Yale pediatric study against guns is spiked with gang-bangers up to 20 years old

If at first you don’t succeed, manufacture results to your liking: that seems to be the trick to getting sufficiently scary numbers into a study chaired by Dr. John Leventhal, a professor of pediatrics at the Yale School of Medicine.

Leventhal’s study, published today in Pediatrics, says that 10,000 children are killed or injured by guns each year, but to get to that magic five figures, he has to do a statistical shuck and jive:

Studying the 2009 Kids’ Inpatient Database (KID), which tracks pediatric hospital stays, the Yale researchers discovered 7,391 children under age 20 had been hospitalized for firearm related injuries, with 453 of those patients dying. The data in KID has been gathered since 1997 as part of the Healthcare Cost and Utilization Project on behalf of the Department of Health and Human Services, with 2009 the most recent release.

Most of the injuries, 4,559, resulted from assaults, while 2,149 were from accidents and 270, the result of suicide attempts. The most common types of injury, were open wounds at 52 percent and fractures at 50 percent. Brain injuries were more common in the younger kids, most of whom were hurt in accidental shootings.

Yes, you read that bolded text correctly. The study dramatically inflates its count of “children” by including adults aged 18-19, and includes attacks (“assaults”) by criminal youths involved in drug-dealing, turf wars between gangs, drive-by shootings, home invasions, armed robbery etc., not just poor eight-year-old Timmy or five-year-old Sally finding an unsecured firearm (unsecured firearms are themselves quite troubling and preventable, but an entirely separate issue).

A USA Today reporter accidentally reports the depths of the study’s inconvenient truth:

Rates were highest for those ages 15 to 19 (27.94 per 100,000.)

Of all hospitalizations, 89% were males; the hospitalization rate for males was 15.22 per 100,000, compared with 1.93 per 100,000 for females. The hospitalization rate for black males was 44.77 per 100,000, more than 10 times that for white males.

The study detailed a significant racial gap: Black children and adolescents comprised 47% of all hospitalizations, 54% of hospitalizations resulting from assaults, 36% from unintentional injuries and 54% from undetermined causes.

Noting the significantly higher poverty rate for young black males compared with young white males, Sege says the data did not allow researchers to “separate the effects of poverty from the effects of race.”

Nor did the data indicate what types of guns were used or where the injury occurred.

The study obviously relied upon gang violence to inflate it’s number, but lacked the funding to discover where the injuries occurred. How convenient!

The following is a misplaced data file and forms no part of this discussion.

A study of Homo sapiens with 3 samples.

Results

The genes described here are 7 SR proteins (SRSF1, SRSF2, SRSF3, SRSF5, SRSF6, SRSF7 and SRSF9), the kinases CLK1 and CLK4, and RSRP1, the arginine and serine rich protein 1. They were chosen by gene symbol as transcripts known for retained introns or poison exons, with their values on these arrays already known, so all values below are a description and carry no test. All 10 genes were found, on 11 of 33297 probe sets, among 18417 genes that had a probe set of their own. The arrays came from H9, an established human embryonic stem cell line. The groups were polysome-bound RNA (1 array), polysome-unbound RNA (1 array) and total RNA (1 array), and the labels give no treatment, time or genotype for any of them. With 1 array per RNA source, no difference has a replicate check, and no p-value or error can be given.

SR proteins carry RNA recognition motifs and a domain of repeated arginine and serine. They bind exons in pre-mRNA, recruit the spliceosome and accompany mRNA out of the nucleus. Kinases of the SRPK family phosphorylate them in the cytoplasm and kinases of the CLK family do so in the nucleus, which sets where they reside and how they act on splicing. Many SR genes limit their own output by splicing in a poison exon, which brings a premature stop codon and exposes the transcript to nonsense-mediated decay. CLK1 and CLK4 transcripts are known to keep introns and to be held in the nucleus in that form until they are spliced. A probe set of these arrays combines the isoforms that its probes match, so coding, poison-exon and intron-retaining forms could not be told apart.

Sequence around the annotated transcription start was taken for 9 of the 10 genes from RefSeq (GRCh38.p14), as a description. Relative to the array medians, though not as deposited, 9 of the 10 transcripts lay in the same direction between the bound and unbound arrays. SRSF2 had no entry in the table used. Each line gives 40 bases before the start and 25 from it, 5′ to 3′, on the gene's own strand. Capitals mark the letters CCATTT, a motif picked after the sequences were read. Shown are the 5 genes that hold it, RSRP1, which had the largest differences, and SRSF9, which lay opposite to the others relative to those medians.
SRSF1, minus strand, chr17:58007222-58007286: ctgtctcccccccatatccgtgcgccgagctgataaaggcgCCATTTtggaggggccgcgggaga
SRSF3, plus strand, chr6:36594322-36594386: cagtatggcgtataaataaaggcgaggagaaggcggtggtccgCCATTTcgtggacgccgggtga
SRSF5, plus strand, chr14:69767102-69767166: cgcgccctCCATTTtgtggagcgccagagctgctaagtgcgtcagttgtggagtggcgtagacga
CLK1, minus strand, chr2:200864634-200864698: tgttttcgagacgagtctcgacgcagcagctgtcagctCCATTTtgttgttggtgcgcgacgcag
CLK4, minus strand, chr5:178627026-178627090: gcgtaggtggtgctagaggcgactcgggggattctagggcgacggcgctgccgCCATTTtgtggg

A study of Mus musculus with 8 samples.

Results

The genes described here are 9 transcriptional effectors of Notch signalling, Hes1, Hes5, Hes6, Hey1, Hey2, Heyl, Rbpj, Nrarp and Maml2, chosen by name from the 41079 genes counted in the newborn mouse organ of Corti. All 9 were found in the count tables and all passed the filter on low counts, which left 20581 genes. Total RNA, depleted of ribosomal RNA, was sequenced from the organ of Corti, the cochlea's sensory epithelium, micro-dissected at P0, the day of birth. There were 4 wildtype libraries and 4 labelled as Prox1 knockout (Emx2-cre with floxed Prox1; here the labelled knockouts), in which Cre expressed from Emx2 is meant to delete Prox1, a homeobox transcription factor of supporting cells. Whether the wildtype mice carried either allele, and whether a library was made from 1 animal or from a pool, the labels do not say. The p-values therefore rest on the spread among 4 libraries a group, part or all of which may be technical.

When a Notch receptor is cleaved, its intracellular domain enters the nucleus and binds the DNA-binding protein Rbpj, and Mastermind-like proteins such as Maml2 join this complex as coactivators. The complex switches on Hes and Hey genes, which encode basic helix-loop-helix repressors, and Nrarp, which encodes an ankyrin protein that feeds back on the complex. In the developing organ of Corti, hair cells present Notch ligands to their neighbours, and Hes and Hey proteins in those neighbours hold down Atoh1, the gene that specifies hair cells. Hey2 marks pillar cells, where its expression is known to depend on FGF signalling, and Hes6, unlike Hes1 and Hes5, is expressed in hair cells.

Luckily, we already know.

In an article entitled, “The Story Behind the Nation’s Falling Body Count,” Kennedy writes, “Research on hot spots shows violence to be concentrated in ‘micro’ places, rather than ‘dangerous neighborhoods,’ as the popular idea goes. Blocks, corners, and buildings representing just five or six percent of an entire city will drive half of its serious crime.”

The same is true about people. “We now know that homicide and gun violence are overwhelmingly concentrated among serious offenders operating in groups: gangs, drug crews, and the like representing under half of one percent of a city’s population who commit half to three-quarters of all murders.”

Read it once more: “ … under half of one percent … commit half to three-quarters of all murders.”

These “hot spots,” of course, are almost universally related to “gangs, and drug crews” in that all-important 15-19 male demographic.

Tellingly, the NBC reporter looked to the anti-gun, Joyce Foundation-supported Center for Gun Policy and Research in the Bloomberg School of Public Health for support:

“This study reinforces what we know from the mortality data,” said Daniel Webster, director of the Johns Hopkins Center for Gun Policy and Research. “We have an extraordinary health burden in our youth associated with firearms injuries.”

Webster, like the rest of his citizen control cult at Johns Hopkins, has a vested interest in conflating intentional gun crimes committed by gang-bangers with gun accidents involving children. It makes the various foundations supporting their “research” efforts happy.

I won’t bother to call into question the integrity of the researchers or the reporters… at this point, it seems quite obvious that they don’t have any to spare.